Film review – Die Abenteuer des Prinzen Achmed / The Adventures of Prince Achmed (Lotte Reiniger, 1926)

The uniquely-animated ‘Die Abenteuer des Prinzen Achmed’, Lotte Reiniger’s 1926 film, is a hugely important film. Work started on it in 1923, and it is the earliest-surviving animated feature film – it clocks in at 65 minutes.

The animation technique used involved cutting out cardboard silhouettes of the characters and manipulating them frame by frame. Some 93,000 frames were created for the film.

Reiniger’s attention to detail was matched by that of the restoration team at the Deutsches Filmmuseum, who in 1999 returned it to its former glory and allowed new generations to enjoy it.

Today’s screening, which was at the Tilda Swindon-curated Pilton Palais at Glastonbury Festival, was accompanied by a unique re-score by the Guildhall Electronic Music Studio.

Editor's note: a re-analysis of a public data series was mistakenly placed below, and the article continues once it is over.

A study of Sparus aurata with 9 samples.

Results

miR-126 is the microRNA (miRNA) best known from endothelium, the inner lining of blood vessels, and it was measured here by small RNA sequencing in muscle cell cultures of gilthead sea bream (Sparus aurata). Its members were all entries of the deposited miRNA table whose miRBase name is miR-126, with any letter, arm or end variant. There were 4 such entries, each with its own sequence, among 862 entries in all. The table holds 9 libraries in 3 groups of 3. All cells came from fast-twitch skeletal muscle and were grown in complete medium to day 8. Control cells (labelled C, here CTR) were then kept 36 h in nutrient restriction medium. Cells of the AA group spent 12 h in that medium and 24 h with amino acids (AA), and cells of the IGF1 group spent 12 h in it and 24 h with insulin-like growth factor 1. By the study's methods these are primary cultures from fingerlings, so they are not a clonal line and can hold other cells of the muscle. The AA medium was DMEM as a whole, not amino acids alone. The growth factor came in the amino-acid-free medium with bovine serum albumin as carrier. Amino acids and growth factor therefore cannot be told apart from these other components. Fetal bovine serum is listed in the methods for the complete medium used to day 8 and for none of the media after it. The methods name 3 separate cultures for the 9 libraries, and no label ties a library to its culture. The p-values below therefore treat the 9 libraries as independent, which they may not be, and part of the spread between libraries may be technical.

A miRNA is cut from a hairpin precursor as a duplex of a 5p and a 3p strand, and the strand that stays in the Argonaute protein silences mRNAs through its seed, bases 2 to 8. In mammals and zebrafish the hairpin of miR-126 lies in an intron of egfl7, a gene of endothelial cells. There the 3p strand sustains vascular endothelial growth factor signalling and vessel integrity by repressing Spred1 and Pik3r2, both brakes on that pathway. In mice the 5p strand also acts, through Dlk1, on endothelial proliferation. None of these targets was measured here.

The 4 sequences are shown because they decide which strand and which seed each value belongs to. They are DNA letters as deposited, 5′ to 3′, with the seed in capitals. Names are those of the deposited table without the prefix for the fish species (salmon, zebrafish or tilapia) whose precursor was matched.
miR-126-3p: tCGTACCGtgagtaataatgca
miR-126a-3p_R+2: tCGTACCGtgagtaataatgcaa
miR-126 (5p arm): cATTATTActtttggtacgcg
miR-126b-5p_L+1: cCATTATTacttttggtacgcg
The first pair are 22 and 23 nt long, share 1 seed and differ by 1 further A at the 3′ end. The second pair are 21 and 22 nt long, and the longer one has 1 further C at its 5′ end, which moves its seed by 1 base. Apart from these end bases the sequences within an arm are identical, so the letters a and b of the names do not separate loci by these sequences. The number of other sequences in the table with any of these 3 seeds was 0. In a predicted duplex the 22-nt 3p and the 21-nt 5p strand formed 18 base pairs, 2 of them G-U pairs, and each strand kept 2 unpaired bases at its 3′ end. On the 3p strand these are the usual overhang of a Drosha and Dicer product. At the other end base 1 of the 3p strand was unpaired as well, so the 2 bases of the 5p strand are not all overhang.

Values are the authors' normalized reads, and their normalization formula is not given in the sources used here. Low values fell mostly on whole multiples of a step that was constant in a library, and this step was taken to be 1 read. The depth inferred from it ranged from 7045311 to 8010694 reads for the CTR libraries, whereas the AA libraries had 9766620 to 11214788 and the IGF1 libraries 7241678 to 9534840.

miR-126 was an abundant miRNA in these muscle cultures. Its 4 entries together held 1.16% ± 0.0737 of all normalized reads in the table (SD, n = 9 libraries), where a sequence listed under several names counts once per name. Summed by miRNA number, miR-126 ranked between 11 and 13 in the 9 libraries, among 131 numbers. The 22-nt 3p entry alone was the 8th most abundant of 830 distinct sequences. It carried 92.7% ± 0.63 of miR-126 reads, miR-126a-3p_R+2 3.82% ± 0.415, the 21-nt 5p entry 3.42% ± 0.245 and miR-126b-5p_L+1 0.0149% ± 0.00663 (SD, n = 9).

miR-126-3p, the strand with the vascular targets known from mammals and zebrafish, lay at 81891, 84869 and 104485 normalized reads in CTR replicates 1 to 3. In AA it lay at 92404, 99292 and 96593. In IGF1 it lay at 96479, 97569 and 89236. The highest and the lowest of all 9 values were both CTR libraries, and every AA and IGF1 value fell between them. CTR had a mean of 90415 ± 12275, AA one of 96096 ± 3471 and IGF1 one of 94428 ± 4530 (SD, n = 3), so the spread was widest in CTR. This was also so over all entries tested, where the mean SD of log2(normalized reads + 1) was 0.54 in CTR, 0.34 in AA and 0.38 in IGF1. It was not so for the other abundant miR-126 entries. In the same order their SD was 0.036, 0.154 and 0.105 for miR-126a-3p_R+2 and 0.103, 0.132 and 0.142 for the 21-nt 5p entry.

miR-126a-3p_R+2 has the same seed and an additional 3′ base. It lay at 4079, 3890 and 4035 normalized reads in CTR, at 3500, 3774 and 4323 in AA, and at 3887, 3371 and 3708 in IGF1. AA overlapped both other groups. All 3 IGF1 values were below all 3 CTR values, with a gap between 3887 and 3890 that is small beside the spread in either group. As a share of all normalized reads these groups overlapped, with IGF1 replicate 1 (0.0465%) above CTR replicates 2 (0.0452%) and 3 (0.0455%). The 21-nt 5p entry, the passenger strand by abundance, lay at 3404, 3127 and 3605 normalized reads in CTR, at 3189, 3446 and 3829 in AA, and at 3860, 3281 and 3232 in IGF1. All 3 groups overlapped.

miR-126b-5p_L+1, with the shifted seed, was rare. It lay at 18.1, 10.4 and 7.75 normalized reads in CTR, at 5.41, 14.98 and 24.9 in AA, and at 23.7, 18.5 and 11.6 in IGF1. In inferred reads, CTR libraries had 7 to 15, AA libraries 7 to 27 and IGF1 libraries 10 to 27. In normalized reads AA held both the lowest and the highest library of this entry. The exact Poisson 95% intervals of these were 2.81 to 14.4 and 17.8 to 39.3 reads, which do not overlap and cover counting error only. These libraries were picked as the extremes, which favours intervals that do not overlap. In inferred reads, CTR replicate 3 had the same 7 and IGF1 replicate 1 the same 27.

It’s easy to create a modern score for a classic piece that simply doesn’t fit – Air’s ‘The Journey to the Moon’ is certainly guilty of that – but the mix of classical piano and basic sound effects works perfectly. Mike Oliver oversaw the project and acted as a mentor to those involved. The piano accompaniment from Barbara De Biasi is reminiscent of the Joe Hisaishi scores for Ghibli Studio. As a fan of Hisaishi’s work this was very much welcome. This was augmented by Eric Fabrizi with paper-based sound effects and live narration from Mike Oliver and his daughter Molly.

It all came together wonderfully and felt respectful of the original work whilst breathing a new life into it for a new, younger audience.

It was well attended by an early-afternoon festival crowd. Anyone appearing early for the Frozen sing-a-long would have been entirely confused. For everyone else, the film was a triumph. Congratulations to all involved.